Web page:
The new London congestion charge goes into effect today.

The Economist offers this description:

On February 17th, [London mayor Ken Livingstone] is introducing a £5 ($8)-a-day congestion charge for those driving in eight square miles of central London. The scheme relies on 700 video cameras, which will scan the rear licence-plates of the 250,000 or so motorists who typically enter the area between 7am and 6.30pm during the working week. This information will be matched each night against a database of drivers who have paid the charge either by phone, via the internet or at shops and garages. Except for those with exemptions (the disabled, taxis, nurses, for instance) or residents (who can apply for a yearly licence at a 90% discount), anyone who fails to pay by midnight will be fined £80.
In an accompanying editorial, while criticizing certain aspects of Livingstone's plan, the Economist praises the basic idea as sound:
Other cities have tried similar schemes, but nothing on London's scale. It is a measure of the city's desperation that a socialist mayor is introducing a practice -- road pricing -- normally advocated by free-market rightwingers, from Adam Smith in 1776 to Milton Friedman in 1951. Mr Livingstone is brave. If the scheme works, it will be taken for granted, and if it fails, he will probably lose the next mayoral election.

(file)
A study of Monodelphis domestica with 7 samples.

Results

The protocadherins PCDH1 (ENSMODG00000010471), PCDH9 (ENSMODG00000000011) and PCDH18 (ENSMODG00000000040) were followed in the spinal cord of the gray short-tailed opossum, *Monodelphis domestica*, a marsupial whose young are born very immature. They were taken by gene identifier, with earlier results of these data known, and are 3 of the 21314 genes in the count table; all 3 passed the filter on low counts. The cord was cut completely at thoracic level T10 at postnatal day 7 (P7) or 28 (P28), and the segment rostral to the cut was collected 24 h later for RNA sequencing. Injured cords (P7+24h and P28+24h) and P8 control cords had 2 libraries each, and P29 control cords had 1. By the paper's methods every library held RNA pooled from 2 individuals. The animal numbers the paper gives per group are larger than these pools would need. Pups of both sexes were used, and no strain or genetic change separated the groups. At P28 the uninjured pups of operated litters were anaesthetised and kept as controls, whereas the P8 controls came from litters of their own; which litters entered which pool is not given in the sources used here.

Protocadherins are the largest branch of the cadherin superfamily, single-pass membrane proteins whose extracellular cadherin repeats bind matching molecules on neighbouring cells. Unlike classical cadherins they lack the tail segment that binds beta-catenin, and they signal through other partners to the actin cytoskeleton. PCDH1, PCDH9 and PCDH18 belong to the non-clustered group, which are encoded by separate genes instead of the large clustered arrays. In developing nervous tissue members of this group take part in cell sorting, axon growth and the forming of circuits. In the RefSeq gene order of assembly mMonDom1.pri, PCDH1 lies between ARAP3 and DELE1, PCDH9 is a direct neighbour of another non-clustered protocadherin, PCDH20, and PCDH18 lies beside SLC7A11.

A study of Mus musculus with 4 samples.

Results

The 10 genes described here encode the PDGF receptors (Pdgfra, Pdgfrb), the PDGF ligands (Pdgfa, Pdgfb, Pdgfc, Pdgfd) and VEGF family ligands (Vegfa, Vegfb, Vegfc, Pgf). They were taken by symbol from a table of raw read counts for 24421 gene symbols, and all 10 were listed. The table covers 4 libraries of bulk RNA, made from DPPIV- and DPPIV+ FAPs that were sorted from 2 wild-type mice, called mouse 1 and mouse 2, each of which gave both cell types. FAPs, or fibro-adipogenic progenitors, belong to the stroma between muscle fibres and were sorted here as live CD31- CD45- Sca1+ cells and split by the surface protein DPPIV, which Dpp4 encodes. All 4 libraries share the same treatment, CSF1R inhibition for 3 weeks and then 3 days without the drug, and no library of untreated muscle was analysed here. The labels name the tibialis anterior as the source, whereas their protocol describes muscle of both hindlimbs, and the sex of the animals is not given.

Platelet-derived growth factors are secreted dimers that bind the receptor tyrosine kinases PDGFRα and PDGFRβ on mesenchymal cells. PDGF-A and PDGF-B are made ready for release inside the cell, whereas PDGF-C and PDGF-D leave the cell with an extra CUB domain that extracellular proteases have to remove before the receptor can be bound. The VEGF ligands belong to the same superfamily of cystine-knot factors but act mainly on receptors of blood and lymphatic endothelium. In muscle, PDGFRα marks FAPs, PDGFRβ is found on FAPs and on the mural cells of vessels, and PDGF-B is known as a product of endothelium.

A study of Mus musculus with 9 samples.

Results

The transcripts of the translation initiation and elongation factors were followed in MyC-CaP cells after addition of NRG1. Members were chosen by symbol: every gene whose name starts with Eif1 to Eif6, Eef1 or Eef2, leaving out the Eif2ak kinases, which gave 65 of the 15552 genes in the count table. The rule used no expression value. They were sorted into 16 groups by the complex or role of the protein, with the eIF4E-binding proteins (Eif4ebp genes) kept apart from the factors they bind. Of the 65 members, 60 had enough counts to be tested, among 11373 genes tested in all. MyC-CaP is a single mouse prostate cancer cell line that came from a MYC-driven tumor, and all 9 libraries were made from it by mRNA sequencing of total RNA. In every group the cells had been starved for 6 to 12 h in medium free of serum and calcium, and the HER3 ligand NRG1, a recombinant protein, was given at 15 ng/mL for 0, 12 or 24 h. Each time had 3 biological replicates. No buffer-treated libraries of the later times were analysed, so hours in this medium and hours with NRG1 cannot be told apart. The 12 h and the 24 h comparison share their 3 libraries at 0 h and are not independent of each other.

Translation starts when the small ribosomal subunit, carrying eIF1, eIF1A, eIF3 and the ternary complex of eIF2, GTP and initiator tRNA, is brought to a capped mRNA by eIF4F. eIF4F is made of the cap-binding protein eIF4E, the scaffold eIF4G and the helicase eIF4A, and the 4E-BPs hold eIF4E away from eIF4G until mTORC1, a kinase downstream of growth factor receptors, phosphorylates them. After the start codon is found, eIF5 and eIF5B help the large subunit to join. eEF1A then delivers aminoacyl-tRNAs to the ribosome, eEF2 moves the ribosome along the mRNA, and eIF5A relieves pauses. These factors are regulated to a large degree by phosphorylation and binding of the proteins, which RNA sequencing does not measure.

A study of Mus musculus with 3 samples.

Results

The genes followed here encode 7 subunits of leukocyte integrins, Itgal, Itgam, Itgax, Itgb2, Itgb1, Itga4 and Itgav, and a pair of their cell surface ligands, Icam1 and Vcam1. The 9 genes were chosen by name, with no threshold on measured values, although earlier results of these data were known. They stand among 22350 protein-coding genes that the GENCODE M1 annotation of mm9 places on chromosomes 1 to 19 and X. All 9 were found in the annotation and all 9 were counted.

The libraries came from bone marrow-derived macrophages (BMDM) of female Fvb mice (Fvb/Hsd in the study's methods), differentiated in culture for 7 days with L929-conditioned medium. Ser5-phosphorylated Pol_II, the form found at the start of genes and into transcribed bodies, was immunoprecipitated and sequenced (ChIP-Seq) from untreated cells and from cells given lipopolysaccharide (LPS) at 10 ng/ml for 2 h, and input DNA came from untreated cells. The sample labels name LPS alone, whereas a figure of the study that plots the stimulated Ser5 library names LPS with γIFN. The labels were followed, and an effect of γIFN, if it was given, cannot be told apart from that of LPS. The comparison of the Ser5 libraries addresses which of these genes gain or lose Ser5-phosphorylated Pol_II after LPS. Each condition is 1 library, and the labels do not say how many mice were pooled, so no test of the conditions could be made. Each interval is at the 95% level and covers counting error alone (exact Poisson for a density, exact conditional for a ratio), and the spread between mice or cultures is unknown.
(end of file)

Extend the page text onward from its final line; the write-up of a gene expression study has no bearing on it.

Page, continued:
All over the world, people are finding themselves increasingly bogged down in congestion. Governments can either choose to leave people fuming in their cars (which wastes people's time and pollutes the air) or they can ration road space by regulation or by price. Regulation -- banning people from driving in certain areas at certain times -- is relatively clumsy. Rationing by price is more efficient because it allocates road space to those who value it most...

With their awful commuter trains and creaking underground, Londoners are used to failures in their transport system. That is no reason to shirk a bold attempt to make things better, nor to retreat if it does not work at the first go.

Many people will be watching this experiment carefully. Could it provide a model for the future, including here in the US? One can hope.

The Transport for London congestion charging site can be found here.